Meditation leads to concentration

In other blog posts I've mentioned that I think meditation can be a great tool for improving your concentration, so I thought I'd take a few moments here to explain how to meditate. It comes very naturally to me these days, but if you've never meditated before you may not know how to get started, so I thought I'd share this very simple technique here.

How to meditate

This is the very simple technique I learned when I first started meditating. Even in Zen schools, meditation is very simple. The secret is in the daily practice, the repetition that builds the new neural connections in your brain.

Here are my steps to getting started:

  1. Go to a quiet room where you can be alone, and have privacy.
  2. Sit in a relatively comfortable position, but in a way where you can keep your back straight. Cross-legged on a cushion is great, but sitting on the end of a folding chair and just looking at the ground in front of you is also fine.
  3. Sit still, close your eyelids about half way, and focus your eyes on a spot on the floor in front of you. Ideally your eyes will be looking down at roughly a 45 degree angle.
  4. Keep your back straight, tuck in your chin so the back of your neck is comfortably straight, and just focus on the spot in front of you.
  5. Breathe in quietly through your nose, and inwardly say the word "one" as you breathe in.
  6. As you breathe in, breathe in through your belly, down in the navel area, not in the area of your ribs.
  7. When you're ready, breathe out slowly through your mouth, and in your mind say the word "two" as your breathe out.

To meditate, just continue this process until you get to the number 10. At that point just start back at the number one again.

Just try meditating for a few minutes at first, just five minutes, or ten minutes tops. As you continue your meditation you can increase your time, but at first there is absolutely no benefit in extending this time. It may also help to know that in Zen center you never meditate for more than 30 minutes at a stretch anyway, so why try to do more than they do?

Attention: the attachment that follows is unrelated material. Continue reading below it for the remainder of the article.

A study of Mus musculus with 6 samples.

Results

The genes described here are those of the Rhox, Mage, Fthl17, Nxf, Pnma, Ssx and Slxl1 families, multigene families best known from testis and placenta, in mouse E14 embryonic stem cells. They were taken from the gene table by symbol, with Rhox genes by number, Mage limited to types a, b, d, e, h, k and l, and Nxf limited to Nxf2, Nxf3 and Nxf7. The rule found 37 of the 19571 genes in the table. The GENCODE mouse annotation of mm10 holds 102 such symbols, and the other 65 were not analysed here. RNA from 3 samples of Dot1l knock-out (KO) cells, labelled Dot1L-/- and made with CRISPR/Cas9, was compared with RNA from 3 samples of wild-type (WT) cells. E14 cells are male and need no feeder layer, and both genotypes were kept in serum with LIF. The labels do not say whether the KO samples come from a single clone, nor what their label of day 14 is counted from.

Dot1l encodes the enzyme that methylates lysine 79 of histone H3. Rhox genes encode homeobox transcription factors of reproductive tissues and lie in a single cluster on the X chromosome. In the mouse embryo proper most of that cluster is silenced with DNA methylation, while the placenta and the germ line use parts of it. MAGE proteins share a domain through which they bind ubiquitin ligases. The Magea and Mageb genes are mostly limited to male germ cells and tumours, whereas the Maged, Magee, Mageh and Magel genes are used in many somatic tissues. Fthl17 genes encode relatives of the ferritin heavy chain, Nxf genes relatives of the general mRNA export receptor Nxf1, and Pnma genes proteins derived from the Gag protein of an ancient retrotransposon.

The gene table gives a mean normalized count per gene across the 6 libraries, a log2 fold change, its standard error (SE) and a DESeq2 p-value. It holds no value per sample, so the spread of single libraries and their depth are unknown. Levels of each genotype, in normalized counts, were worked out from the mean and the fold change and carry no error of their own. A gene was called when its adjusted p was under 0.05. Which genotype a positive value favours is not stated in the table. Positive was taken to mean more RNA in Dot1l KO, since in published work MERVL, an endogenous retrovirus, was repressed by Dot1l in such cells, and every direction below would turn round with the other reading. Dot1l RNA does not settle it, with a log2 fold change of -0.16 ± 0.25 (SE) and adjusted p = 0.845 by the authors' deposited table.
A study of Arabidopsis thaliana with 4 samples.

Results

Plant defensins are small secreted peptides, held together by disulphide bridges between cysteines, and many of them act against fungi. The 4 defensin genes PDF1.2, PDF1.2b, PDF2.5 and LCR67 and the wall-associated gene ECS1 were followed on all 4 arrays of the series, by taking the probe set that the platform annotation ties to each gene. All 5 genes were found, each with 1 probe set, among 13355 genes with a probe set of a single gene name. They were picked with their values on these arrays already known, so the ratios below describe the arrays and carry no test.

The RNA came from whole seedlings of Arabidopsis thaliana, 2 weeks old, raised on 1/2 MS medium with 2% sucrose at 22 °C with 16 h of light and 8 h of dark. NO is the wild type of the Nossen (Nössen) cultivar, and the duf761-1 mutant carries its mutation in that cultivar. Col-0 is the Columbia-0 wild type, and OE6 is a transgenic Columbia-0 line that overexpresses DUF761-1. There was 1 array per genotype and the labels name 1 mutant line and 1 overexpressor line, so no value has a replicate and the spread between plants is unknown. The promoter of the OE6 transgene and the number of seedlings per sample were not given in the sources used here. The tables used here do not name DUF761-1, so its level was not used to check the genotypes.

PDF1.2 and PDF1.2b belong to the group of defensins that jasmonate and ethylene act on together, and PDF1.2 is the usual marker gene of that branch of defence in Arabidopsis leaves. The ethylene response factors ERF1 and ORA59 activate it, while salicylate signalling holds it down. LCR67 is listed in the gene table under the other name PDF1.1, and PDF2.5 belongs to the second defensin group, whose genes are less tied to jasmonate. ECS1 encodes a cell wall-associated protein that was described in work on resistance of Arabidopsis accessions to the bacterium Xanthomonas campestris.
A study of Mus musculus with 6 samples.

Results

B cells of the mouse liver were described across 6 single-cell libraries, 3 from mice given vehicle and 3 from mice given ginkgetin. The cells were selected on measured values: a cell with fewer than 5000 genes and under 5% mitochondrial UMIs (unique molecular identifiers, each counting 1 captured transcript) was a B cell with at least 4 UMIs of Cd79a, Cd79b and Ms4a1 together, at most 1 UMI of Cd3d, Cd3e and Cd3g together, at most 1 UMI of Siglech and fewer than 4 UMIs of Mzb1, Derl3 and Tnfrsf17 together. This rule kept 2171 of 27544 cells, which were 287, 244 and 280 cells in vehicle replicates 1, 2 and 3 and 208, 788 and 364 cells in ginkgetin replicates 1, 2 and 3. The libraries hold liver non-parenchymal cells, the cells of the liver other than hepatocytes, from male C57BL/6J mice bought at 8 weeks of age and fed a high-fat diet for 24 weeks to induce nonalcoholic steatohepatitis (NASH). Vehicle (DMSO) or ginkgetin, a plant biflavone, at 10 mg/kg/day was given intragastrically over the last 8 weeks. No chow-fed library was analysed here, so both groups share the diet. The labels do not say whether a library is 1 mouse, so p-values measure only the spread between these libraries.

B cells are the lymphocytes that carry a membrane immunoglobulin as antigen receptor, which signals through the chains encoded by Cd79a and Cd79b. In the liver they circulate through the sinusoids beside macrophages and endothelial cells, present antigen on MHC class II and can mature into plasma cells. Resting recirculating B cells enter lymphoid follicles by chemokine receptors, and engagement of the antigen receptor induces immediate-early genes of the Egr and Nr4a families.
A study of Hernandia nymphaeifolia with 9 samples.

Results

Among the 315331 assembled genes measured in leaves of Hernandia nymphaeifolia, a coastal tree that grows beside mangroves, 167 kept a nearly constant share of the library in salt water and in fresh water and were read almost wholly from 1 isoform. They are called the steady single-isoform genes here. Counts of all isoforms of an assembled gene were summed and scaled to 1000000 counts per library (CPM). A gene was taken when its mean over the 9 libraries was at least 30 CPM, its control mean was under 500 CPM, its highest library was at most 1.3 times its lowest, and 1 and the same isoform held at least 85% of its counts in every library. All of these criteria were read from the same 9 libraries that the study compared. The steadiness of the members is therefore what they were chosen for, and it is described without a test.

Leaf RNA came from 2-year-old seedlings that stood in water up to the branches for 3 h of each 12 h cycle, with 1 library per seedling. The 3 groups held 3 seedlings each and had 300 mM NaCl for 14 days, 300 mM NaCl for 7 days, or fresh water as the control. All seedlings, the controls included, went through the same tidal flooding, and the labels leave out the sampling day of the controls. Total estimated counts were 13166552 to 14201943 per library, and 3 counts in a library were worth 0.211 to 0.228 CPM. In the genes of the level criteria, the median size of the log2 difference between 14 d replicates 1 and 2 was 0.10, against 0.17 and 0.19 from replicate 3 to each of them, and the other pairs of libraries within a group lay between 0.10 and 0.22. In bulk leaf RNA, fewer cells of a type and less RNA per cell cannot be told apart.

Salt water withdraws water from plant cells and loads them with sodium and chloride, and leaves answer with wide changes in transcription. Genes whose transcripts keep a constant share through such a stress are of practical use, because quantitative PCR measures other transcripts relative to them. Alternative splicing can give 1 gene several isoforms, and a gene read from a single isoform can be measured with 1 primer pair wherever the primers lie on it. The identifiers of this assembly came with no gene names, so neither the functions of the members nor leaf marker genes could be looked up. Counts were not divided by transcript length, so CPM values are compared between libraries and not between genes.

Things you'll run into

As you meditate, you'll find that several things occur, and they all have to do with your mind wandering.

One common problem is that your mind wanders, and you forget what number you were on. Don't worry about, just laugh at yourself for your inability to control your mind, and start over again at one. Don't get frustrated -- this is extremely common, and is, in fact, the normal human condition.

Another common problem is that even though you remember what number you were on, thoughts come into your brain. It goes something like this: "Three ... darn, I can't believe I did that today. What a dufus. Two ... oh, mom's birthday is in a few weeks, I need to remember that. Hmm, what's for dinner tonight? What should we do this weekend?"

When this happens, again, just laugh at yourself, and let these thoughts go, and start over again, counting from one to ten.

More

I'll be glad to write more on the practice of meditation, but for now, I'd just like to share this with you to help you get started on the path of learning to control your mind. Again, the mantra is "Meditation leads to concentration."

I first read this phrase in the book "Dojo Wisdom for Writers", and I believe in it strongly.